QT: Every Run Has a Purpose, Whether You Know It or Not (Best Of-ish)

This post was originally part of Episode 439 released in July of 2017 and is more or less copy and pasted from that post. The audio, however, is a new take on the topic.

How often do you stop to consider the purpose of each workout that you do?

Why Am I Here

Every time you head out the door? Every week or two? Never?

Every run on your training plan has a purpose.

So, it would help if you were at least thinking about said purpose on occasion, eh?

Every Run has a Purpose

A well-designed training plan consists of different workouts. And each type of workout has its own purpose for being included in the plan.

So if you’re the kind of runner that thinks that the only time you’re making any progress toward your goals is when you’re running hard, I’ve got news for you.

Those short/easy runs? They are every bit as valuable as those intervals and long tempo runs.

And if I may be so bold, I’d go as far as saying that they are actually MORE important.

How do you like them apples?

The Different Workouts You Should Be Doing

Improving as a runner, no matter what goals you have, requires more than just running.

You need to be blending some easy runs with some hard runs. Some long runs with some short runs.

You know how a varied diet is good for your health? The same is true for your running.

A varied training diet is beneficial for every runner.

I don’t care what race you’re training for or what your goals are, workout variety is important.

The Reasons Behind Your Workouts

What is the purpose of each type of workout in your training plan?

I thought you’d never ask!

Speed Work/Intervals:

Going hard and fast benefits every runner, I don’t care how long or short you are racing.

Yes, even ultramarathoners should be doing speed work on a regular basis.


Speedwork helps to improve your form, strengthen your bones, strengthen muscles/tendons, and help you get faster.

So even if you’re really not worried about getting appreciably faster, you should be doing speed work for the other benefits that it provides.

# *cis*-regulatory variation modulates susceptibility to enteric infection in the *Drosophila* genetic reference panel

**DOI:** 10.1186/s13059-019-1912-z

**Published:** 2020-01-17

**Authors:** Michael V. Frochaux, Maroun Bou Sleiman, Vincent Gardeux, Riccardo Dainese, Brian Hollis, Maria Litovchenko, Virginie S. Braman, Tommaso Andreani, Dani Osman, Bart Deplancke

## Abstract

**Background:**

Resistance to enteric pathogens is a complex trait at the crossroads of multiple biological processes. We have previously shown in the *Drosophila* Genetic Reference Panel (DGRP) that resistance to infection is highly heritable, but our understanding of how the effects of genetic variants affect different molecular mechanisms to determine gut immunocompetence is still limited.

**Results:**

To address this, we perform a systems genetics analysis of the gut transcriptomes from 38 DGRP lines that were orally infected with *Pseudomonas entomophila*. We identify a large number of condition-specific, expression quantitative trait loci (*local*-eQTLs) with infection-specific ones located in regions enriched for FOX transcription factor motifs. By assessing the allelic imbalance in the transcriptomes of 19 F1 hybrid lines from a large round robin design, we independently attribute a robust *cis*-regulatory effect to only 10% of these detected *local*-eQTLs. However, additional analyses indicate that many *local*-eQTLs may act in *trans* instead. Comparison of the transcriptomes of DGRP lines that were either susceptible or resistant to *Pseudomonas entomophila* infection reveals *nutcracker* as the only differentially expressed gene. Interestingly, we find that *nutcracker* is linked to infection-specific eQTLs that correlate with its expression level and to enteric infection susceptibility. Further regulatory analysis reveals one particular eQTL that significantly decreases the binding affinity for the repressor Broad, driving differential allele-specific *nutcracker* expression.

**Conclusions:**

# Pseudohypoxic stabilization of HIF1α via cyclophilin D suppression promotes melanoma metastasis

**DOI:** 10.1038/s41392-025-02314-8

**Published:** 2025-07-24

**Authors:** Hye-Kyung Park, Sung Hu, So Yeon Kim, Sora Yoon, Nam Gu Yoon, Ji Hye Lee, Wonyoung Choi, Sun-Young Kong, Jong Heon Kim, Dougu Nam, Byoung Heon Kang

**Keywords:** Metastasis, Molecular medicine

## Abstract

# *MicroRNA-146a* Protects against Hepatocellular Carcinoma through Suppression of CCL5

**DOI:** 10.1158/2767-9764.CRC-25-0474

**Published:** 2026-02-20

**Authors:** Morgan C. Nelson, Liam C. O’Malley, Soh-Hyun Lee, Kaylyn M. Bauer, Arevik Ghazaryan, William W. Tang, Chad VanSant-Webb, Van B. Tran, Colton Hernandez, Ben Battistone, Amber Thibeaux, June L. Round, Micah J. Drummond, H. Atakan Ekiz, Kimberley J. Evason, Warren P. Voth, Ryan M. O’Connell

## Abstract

Tempo/Threshold Pace:

If you’re asking me, and I understand that you’re not but it’s my post so humor me, this is the hardest kind of workout there is.

When you’re doing a tempo workout, you are trying to get as close to the red line of your fitness as possible, without going too far.

And that’s a fine line to walk.

But it’s necessary.

The benefits of regularly doing tempo runs include being able to maintain higher intensity efforts for longer, improving your body’s ability to clear lactic acid from your system, and strengthening bones/muscles/tendons.

Long Run:

The long-run is pretty straightforward, yes?

Run. For a long time.

But what is the purpose of the long run?

One of the biggest benefits of the long run is that it helps to build your cardio efficiency. Running for a long time at a relatively low-level intensity strengthens your heart, actually encourages your body to create new blood vessels and capillaries to improve circulation, and helps build your mental strength/endurance for race day.

To be clear, it doesn’t matter what distance you tend to race, running long will help you on race day.

Easy/Recovery Runs:

Perhaps the most overlooked and underappreciated workout on your training plan is the easy run.

The bulk of your training mileage, like 80% of it, should be done at a pretty easy level of intensity.


Because when you’re running easy, you’re improving your muscle memory without much wear and tear to the body. When it comes to building and maintaining your base level of fitness, it is all about easy running.

Like I said above, your easy runs are probably the most important workouts in your entire training plan.

Know the Purpose Before You Start

Each workout in your plan is there for a reason.

It is your job as a runner to know what the purpose is for each and every run.

Because when you know what you are actually trying to accomplish, you have a better chance of being successful.

What is the purpose of each run on your training plan? That is the subject of this week's quick tip! #runchat Click To Tweet

How Often Do You Stop to Think About What You’re Trying to Accomplish with Each Run?